In the past several days we have seen staggering demonstrations within U.S. mainland cities as communities rise up to protest racism and police violence. These recent events have added stress to our communities during an already stressful pandemic. Recently we wrote about Mental Health Awareness Month and we encouraged individuals experiencing stress to seek out resources to heal during these emotional times. We at Neighborhood Place extend our support to communities struggling for equality and struggling to thrive. You are heard and seen.
Neighborhood Place of Puna has a long history of helping families in our community find the resources necessary to support parents and caregivers in raising healthy keiki. We work with families to prevent child abuse and neglect leading to family separation, and we operate a homeless shelter for struggling families. We understand the interplay between poverty, stress, and abuse and work to address these community issues. So what of violence our children experience outside of the home? And what of historical trauma that has impacted our keiki and ‘ohana today?
While these images of Hawaiian families have changed over the decades the central issues in our community still remain. Traumatic “sweeps” of homeless encampments still happen regularly state-wide without addressing needs for living wages and affordable housing, young children are disproportionately homeless in Hawai’i and Hawaiian communities are still disproportionately affected by housing instability, economic injustice, mass incarceration, and negative health impacts.
The footage of this Waimanalo ‘ohana is a still raw reminder of land rights and instability faced by Hawai’i communities today. It illustrates how such conflicts may also deeply traumatize our community’s keiki. Today, we work diligently to support housing and economic justice and to understand the impacts and challenges of systemic and historical trauma.
While protests on the mainland are very different from those happening locally and for some are less visible, we are all interconnected in the struggle to live and thrive, and we all seek to bring justice and equality to our communities. Neighborhood Place of Puna recognizes the historical struggle for fair and equal treatment, and we acknowledge the impacts of violence, injustice, and inequality have on our communities.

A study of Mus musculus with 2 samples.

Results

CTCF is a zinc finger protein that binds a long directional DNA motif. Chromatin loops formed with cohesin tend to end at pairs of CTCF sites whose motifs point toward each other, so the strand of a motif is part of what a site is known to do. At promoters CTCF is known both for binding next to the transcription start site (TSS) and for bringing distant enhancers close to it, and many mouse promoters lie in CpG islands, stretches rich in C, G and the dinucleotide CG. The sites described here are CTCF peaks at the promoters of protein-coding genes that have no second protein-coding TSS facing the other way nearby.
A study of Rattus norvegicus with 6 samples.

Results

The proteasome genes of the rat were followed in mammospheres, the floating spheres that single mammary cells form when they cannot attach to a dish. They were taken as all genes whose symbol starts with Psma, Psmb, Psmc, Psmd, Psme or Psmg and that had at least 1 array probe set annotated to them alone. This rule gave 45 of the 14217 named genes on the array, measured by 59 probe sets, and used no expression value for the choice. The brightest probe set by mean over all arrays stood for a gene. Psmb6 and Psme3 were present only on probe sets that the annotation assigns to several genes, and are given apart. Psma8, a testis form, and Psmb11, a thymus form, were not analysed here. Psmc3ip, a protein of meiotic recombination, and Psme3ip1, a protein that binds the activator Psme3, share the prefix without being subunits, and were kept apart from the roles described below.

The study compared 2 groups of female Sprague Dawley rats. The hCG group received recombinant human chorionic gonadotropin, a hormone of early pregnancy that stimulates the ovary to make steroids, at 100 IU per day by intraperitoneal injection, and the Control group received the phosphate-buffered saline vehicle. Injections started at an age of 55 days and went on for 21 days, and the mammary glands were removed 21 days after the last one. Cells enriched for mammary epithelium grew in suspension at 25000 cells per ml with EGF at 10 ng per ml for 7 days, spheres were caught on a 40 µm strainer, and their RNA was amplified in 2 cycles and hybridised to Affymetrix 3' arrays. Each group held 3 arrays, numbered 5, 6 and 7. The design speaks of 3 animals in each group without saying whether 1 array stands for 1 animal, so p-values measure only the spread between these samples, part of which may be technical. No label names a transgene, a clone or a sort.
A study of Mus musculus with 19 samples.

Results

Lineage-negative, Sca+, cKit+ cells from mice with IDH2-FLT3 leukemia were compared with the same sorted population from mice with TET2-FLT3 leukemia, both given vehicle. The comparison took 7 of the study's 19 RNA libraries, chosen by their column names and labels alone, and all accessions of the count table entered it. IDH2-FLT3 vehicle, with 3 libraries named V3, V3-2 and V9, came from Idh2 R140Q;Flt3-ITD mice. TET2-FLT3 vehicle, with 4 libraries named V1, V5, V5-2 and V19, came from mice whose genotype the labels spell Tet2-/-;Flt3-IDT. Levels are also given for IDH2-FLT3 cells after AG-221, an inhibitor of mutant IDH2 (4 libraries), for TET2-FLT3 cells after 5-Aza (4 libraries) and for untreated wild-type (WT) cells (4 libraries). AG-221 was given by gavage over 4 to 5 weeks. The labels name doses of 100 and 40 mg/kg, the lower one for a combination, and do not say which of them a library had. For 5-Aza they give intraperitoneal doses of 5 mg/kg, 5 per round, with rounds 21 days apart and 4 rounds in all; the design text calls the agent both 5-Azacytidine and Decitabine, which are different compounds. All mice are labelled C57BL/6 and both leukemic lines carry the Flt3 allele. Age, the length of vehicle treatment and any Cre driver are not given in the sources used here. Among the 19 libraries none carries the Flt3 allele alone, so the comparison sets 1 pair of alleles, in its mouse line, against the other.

Are you a family struggling to have an age-appropriate conversation about racism? Check out this article, “How to Talk To Your Kids About Racism and the Protests” and these “10-Tips” from Embrace Race.
If you or your keiki are emotionally impacted by recent events we offer these recommendations-
1) Consider taking a “news fast”- Unplug, read, go outside, spend quality time, work on creative projects. Excessive news footage can be negative for both for adults and for keiki, especially with repeated images of violence. Check your na’au and how it impacts your stress levels when viewing different forms of media.
2) Go easy on yourself and others around you, especially children. Whatever your views or reaction to these events are, stress is universal and can manifest for different people in different ways. Children especially can exhibit unexpected behaviors or react differently to stress than adults. If you need help managing stress, consider signing up for our free Family Strengthening services or look into professional mental health supports. Try this free counseling resource if you are uninsured.
3) Direct your energy in a positive way. If you are attending a march or protest, especially with keiki, be sure to educate yourself on safety precautions and what to expect. This article may help you plan a safe day of engagement with your ‘ohana. Do you have a volunteer project you would like to do? Is there a charity you want to give to? Do you want to take extra time to become better informed and pass this on to your keiki? Taking our pain and transmuting it to advocacy and community work can be a healing outlet for unrest.
Today Neighborhood Place of Puna offers material community support through our two small shelters, Hale ‘Iki for families and Hale Hanakahi for the elderly and immunocompromised during Covid-19. We also provide our main services of in-home family strengthening for parenting skills development to prevent abuse and neglect. We know that the struggles families have can be complex and the work of justice is never-ending. We each play a part in creating positive social change.
To our community members: do not lose faith, do not give up, and do not ever think that you are alone.
Contact 965-5550 if you or your family are in need of family strengthening or housing resources, or visit neighborhoodplace.org/resources for other support.